Friday 22nd November 2019

Chinese CITES visits Nigeria amid pangolin, ivory, rosewood concerns

As a seven-man delegation of the Chinese CITES Management Authority (CMA) begins a three-day visit to Nigeria from Monday, September 9, 2019, several issues bordering illicit trade in fauna and flora are bound to come to the fore.

African Rosewood
The African Rosewood tree being cut with chainsaw. Photo credit: Michel Gunther / Biophoto / Minden Pictures

Highlight of the visit is a courtesy call on Minister of Environment, Dr Mohammed Mahmoud Abubakar, on Tuesday, September 10.

CITES (the Convention on International Trade in Endangered Species of Wild Fauna and Flora) is an international agreement between governments to which Nigeria is a signatory. Its aim is to ensure that international trade in specimens of wild animals and plants does not threaten their survival.

The main objective of the visit, according to Mr Andrew David Adejo, Director, Department of Forestry in the Federal Ministry of Environment, is to strengthen the collaboration between the Chinese CMA and Nigerian CMA in the global fight against illegal wildlife trade.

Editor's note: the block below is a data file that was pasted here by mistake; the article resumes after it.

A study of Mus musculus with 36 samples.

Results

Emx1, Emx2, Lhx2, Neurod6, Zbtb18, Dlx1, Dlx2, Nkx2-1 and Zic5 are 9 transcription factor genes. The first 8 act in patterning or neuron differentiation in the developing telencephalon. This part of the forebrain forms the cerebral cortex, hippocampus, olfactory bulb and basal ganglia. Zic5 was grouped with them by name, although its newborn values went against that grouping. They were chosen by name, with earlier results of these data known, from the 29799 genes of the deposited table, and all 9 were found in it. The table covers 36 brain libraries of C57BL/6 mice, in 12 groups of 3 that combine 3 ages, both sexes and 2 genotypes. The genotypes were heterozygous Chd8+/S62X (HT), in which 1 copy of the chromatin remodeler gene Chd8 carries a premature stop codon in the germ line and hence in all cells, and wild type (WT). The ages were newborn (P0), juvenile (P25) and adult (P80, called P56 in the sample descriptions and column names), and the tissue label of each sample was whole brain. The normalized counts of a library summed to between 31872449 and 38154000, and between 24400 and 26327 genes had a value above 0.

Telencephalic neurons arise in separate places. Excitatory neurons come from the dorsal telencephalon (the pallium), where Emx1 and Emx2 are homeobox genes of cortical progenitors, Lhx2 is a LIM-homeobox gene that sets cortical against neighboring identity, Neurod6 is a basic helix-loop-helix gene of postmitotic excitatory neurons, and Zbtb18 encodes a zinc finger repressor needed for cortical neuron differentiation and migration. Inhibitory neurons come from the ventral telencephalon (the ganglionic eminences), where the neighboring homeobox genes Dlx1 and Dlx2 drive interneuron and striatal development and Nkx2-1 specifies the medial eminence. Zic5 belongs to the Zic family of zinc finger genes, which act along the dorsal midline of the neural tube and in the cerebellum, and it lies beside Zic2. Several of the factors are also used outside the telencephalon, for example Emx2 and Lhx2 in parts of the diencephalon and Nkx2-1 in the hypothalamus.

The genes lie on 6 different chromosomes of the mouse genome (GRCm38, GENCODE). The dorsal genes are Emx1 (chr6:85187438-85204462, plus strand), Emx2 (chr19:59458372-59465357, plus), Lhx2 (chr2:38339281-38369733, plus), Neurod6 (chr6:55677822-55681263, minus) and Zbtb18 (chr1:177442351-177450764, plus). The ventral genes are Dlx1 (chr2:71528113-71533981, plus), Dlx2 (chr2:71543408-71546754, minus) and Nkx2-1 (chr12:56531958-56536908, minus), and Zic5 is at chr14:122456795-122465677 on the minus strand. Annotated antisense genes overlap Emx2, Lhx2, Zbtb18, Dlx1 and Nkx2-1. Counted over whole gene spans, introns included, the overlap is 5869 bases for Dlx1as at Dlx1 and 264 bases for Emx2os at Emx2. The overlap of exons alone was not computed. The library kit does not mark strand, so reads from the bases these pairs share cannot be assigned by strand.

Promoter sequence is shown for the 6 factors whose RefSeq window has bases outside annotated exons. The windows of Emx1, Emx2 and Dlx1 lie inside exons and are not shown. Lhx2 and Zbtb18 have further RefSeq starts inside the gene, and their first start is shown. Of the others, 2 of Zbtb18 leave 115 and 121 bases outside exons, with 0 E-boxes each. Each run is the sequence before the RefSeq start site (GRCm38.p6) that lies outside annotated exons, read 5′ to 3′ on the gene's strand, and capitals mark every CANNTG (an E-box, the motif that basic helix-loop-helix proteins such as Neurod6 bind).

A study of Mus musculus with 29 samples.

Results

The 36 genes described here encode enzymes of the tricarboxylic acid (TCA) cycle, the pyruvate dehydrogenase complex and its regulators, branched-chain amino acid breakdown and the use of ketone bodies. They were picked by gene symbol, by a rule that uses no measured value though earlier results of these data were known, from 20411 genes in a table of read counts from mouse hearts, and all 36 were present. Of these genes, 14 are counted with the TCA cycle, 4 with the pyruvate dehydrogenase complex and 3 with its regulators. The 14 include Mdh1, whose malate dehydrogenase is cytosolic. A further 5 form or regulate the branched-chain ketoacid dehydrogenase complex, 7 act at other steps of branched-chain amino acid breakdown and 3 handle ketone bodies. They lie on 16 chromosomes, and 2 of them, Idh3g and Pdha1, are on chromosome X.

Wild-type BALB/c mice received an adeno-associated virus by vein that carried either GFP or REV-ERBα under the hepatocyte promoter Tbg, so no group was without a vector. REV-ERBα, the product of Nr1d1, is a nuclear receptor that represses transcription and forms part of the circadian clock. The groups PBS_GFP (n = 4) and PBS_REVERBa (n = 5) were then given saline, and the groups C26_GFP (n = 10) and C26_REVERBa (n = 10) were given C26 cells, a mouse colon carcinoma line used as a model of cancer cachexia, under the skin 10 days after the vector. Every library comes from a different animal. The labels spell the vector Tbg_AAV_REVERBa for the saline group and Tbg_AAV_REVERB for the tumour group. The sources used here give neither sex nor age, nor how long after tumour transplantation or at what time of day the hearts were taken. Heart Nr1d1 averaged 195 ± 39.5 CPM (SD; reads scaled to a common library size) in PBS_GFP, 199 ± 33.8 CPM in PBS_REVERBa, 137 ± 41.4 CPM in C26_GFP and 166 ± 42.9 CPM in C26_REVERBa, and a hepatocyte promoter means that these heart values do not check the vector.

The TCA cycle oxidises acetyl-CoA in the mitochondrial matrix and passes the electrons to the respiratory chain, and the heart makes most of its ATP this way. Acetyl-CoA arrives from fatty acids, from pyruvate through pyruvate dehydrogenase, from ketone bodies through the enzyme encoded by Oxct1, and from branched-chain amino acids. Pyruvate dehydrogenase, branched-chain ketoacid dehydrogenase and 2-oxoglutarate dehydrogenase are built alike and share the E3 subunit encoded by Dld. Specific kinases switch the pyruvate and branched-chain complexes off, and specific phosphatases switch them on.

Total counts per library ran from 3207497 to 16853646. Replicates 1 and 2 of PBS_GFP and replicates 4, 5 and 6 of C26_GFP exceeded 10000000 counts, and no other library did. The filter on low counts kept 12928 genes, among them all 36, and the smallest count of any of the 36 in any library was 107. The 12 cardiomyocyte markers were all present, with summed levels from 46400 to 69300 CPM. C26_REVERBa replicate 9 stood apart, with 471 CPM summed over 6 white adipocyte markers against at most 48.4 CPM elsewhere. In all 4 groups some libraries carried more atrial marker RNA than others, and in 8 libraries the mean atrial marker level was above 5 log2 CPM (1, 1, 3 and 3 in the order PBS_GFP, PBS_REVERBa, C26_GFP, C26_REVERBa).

The trade suspension was reportedly informed by the country exporting, between January and August 2018, 181,191.67m3 of rosewood through issuance of 4,757 permits to Vietnam and China (8,559.78m3 to Vietnam and 172,631.89m3 to China), a volume considered unsustainable by the CITES Secretariat.

Nigeria was given up to December 31, 2019 to address some issues raised before the suspension can be lifted.


On the pangolin scales and elephant ivory implication, he disclosed: “The international community is aware that the volume of seizures made in Asian countries – especially China (including Hong Kong SAR) and Vietnam – could not have emanated from Nigeria because we do not have the population of pangolins that can produce such volumes (you need to kill 10 fully grown pangolins to get 1kg of skin in the best of processing scenario.”